BHF Professor Steve Humphries and his team aim to identify genes that contribute to the development of heart disease by analysing the DNA of large numbers of healthy people and people with heart disease.
Professor Humphries has a particular interest in an inherited disease called Familial Hypercholesterolaemia (FH) which causes dangerously high levels of cholesterol in the blood from an early age. 120,000 people are estimated to have FH in the UK, but only about 10 per cent or less have been identified.
Suzanne found out she had an inherited FH after her dad died from a heart attack aged just 41. Her doctor recommended that she and her family should have their blood cholesterol levels tested. While the rest of her family was fine, Suzanne’s cholesterol levels were high. She was referred to a lipid clinic where she met a specialist who provided advice and support, helping her understand how to manage her condition.
Early identification of FH means people can make changes to their lifestyle, including their diet, and be given medication such as statins to give them the best chance of preventing heart disease and living a longer, healthier life.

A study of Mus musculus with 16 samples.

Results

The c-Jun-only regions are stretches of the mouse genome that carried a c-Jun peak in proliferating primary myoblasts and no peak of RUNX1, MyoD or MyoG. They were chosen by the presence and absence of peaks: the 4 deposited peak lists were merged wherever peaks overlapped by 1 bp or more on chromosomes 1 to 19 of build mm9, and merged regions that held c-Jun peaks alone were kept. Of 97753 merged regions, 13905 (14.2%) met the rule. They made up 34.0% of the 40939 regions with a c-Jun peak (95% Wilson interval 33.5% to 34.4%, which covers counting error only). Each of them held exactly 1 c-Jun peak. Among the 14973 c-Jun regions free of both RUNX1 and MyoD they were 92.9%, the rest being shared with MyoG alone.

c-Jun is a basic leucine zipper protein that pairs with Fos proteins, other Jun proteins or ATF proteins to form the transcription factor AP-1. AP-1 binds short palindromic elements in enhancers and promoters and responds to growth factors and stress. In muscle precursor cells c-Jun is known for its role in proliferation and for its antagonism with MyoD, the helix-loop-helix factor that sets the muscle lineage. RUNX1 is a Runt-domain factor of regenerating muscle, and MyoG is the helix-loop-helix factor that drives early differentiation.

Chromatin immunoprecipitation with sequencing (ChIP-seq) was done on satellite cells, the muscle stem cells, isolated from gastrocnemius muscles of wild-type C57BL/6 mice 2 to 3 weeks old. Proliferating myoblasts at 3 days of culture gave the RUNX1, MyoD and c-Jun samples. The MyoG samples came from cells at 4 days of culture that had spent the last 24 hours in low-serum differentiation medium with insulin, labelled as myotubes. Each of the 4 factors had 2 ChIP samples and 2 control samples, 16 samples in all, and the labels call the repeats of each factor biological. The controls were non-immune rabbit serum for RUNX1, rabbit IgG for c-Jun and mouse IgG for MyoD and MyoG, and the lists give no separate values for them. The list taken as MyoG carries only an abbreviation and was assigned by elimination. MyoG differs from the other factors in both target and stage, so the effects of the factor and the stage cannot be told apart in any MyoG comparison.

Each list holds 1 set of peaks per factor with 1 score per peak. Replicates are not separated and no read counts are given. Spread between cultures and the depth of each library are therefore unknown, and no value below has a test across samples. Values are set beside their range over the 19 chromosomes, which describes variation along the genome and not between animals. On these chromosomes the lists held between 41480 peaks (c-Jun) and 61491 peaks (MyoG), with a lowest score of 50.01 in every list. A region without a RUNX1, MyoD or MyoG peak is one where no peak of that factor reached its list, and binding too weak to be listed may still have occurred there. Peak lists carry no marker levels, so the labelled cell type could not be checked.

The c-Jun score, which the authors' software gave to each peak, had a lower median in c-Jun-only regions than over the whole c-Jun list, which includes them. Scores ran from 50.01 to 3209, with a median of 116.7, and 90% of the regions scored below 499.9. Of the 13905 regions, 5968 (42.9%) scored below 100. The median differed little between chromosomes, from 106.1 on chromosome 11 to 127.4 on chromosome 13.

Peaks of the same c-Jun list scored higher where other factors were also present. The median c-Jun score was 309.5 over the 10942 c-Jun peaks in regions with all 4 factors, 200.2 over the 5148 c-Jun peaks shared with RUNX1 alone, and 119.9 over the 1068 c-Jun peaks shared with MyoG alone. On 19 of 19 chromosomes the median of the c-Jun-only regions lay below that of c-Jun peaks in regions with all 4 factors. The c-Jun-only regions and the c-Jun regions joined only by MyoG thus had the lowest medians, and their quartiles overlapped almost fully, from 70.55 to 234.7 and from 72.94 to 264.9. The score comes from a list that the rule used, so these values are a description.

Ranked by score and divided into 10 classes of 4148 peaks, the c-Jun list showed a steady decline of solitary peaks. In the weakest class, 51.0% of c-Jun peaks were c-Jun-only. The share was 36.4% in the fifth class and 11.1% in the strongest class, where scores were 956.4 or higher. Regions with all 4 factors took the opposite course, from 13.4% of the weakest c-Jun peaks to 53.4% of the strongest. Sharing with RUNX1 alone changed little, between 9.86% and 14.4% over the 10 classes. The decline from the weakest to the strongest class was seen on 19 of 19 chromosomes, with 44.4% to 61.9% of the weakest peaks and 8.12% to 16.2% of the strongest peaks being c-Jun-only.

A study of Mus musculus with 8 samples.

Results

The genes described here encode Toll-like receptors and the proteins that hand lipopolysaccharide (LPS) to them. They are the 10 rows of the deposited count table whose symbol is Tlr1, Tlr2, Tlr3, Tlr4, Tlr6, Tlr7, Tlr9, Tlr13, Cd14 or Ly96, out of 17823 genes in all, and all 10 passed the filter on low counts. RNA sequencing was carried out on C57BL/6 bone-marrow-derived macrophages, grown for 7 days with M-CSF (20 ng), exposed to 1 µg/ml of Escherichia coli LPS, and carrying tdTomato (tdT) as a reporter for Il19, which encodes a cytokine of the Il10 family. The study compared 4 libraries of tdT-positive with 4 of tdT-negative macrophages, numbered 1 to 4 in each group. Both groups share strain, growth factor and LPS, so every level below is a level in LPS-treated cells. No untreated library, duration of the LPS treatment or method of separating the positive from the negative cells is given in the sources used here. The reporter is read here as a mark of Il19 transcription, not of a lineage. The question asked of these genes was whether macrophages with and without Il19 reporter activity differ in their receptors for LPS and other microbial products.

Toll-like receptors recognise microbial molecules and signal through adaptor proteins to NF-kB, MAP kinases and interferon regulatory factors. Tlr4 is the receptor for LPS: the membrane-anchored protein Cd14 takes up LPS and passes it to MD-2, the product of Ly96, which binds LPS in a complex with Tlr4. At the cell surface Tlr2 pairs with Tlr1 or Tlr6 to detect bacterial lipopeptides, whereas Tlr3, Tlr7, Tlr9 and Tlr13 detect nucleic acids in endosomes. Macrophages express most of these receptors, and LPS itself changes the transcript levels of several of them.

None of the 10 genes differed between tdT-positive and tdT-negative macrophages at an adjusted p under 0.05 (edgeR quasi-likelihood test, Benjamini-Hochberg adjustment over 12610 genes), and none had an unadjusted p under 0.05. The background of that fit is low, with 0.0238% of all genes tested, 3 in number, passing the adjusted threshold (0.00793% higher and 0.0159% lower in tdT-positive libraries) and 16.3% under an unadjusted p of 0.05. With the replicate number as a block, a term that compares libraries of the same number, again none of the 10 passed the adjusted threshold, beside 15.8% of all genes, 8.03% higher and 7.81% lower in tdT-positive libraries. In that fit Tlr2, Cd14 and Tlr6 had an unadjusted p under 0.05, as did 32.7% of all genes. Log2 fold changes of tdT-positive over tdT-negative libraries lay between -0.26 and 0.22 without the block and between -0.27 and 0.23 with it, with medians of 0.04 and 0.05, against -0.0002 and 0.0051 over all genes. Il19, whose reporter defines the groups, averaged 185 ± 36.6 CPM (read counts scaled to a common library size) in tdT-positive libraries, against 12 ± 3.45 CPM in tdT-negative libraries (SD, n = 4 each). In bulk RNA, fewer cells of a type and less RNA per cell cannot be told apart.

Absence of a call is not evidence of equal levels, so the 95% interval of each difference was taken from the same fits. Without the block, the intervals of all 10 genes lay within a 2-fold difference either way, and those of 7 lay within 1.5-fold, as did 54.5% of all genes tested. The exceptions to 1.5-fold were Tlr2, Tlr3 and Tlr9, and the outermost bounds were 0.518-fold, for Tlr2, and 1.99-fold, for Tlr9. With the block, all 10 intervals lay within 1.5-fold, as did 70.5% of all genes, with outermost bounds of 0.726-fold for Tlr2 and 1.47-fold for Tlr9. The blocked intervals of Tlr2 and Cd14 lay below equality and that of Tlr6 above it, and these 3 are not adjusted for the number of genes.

Professor Humphries' team has developed genetic screening methods for FH. They have used these techniques to establish a national DNA diagnostic service, which has already found many people like Suzanne with FH by tracing the relatives of known FH patients.
Environment and genes
Lifestyle and environmental factors have a major impact on our risk of getting heart disease. Over several years, this London team's work has focused on examining exactly how our individual genetic codes seem to alter the harm or benefit to our health we get from certain environmental factors, especially smoking.
Professor Humphries and his team develop laboratory methods to examine how variations in certain genes affect the proteins that they encode. This work may be key to understanding heart disease. It also opens up the possibility of using DNA information to identify people with an inherited predisposition to develop early heart disease. Such people could then be given lifestyle advice and offered medical therapy to reduce their subsequent risk.
Professor Humphries answers questions on familial hypercholesterolaemia for Heart Matters.